Logical bus topology

Although point-to-point physical topologies are rapidly eliminating the need to discuss the difference between physical and logical topologies, or even to discuss topologies at all, there are still sufficient legacy systems in place to warrant a discussion of the predominant logical topologies. It is also germane to understanding why these environments may not be well suited to modern applications like IP telephony or videoconferencing.

In a LAN that implements a logical bus topology, the LAN delivers the signal generated by a transmitter to all attached devices. This is a true broadcast environment; no attached end device is required to regenerate a signal in order for other attached devices to receive it.

Obviously, a physical bus topology is intrinsically a logical bus topology as well. In fact, in the early days of Ethernet and LocalTalk, it would have seemed somewhat odd to separate the concepts at all. However, throughout that 1990s, logical bus topologies were more commonly associated with physical star topologies. That is to say, a logical bus was implemented over a physical star (i.e., a hub-based network). The hub is essentially a multiport repeater that is responsible for regenerating the signal to all attached systems.

Although the cabling plant differed, the concept of the logical bus topology remains essentially the same: No attached device (other than the repeaters themselves) regenerates another device’s signal within the LAN (i.e., passive attachment).

Interestingly, the wireless environment operates both physically and logically as a bus. Unless wireless antennae are directed, the wireless signal radiates outward in all directions from the transmitter, creating a small “cell” of signal. Any device in that region can read the signal and use the same environment for a return transmission. Therefore the physical and logical bus environment, while on the decrease in a wired LAN world, is alive and well in the wireless world.

Logical Bus Over Physical Star

Logical Bus Over Physical Star

The visual depicts a physical star topology that implements a logical bus topology. These environments are commonly implemented using twisted pair or optical fiber. The logical bus is implemented as a physical star by using a multiport repeater (also known as a hub), and a cable plant that radiates outward to all attached devices. While some environments permit daisy chaining, it is far more common to limit each length of twisted pair or optical fiber to two attachments. At one end of each cable segment is the hub. At the other end is either a LAN adapter or another multiport repeater. In a working LAN environment, the multiport repeater would be placed in a wiring closet. From the repeater would stretch two (or more) twisted pair or two optical fibers to each desktop.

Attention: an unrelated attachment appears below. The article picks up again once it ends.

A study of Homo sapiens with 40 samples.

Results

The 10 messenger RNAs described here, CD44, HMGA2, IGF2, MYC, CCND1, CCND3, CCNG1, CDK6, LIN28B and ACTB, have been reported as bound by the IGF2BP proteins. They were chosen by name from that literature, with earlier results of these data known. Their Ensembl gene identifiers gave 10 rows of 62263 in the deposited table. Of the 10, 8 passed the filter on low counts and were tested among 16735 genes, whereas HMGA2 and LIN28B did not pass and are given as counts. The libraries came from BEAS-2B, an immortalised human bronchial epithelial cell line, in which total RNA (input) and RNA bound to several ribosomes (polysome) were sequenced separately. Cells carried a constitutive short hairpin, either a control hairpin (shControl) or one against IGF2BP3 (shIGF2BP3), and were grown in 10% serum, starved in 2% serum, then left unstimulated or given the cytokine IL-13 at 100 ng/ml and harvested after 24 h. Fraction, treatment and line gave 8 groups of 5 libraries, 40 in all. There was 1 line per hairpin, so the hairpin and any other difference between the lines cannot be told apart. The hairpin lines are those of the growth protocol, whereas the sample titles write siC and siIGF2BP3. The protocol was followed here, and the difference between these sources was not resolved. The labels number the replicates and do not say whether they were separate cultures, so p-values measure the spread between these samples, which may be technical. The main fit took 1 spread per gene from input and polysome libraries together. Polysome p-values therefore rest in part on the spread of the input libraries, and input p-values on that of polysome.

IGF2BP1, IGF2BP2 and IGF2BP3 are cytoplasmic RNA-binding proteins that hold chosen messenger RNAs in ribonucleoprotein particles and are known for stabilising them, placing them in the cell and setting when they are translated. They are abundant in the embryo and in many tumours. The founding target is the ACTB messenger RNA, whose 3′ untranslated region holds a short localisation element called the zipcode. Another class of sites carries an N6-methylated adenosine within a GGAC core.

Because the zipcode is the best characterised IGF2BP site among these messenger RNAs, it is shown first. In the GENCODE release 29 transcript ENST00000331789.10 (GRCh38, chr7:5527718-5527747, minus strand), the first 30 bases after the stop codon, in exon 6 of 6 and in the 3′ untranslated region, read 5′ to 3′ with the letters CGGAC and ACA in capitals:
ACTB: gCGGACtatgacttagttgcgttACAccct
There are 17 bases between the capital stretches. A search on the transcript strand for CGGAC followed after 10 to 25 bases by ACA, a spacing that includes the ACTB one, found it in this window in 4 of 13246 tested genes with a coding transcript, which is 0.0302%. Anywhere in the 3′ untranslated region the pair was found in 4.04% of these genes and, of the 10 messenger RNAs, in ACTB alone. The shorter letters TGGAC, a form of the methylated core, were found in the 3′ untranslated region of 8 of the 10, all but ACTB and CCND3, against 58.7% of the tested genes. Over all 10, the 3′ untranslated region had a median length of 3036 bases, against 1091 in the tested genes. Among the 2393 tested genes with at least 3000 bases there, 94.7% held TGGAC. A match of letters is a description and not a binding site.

If the port capacity of a multiport repeater has been exhausted, it is possible to connect two multiport repeaters to one another, effectively increasing the capacity of the LAN. The result is a tree-like configuration, as depicted on the visual. Note that, to the attached devices, such an environment operates almost exactly as it would if this were one large multiport repeater. Each repeater regenerates any incoming signal on all ports except the one on which it arrived. This is true whether the signal is arriving from a directly attached end station or via another repeater.

When two multiport repeaters are connected in this manner, a transmit/receive problem is likely to surface. Most physical star topologies use two twisted pair or two optical fibers to connect the end station to the repeater. The end station transmits on one pair (or fiber) and receives on the other. For this to work correctly, the repeater must implement ports that reverse this relationship (i.e., the end station's transmit pair must be the repeater's receive pair, and the end station's receive pair must be the repeater's transmit pair). Most multiport receivers are designed in exactly this way. In other words, they are designed to expect that the port is being used to attach an end station.

When a port is actually being used to attach another repeater, a Physical Layer communication problem arises. The multiport receivers are both receiving on the same pair and transmitting on the same pair. This would be like two people trying to talk on the telephone when one of them is holding the handset backwards! There is one general approach to solving the problem: The link between the two devices must be rolled, which effectively exchanges the two pairs. Some multiport repeaters provide a special port that has an associated switch. Set in one position, the port is configured to attach an end station. Set in the other position, the transmit/receive links of the port are exchanged and the port is configured to attach to another repeater. If the repeater does not implement this capability, then a special crossover cable must be wired to make the exchange.

Most twisted pair implementations support cable lengths up to one hundred meters. Although greater distances could be achieved using shielded twisted pair (STP), most implementations use data-grade (i.e., Category 3 or Category 5) unshielded twisted pair (UTP). When optical fiber is used, distances of two kilometers can be achieved with multimode fiber (MMF), and up to 60 kilometers with single-mode fiber (SMF).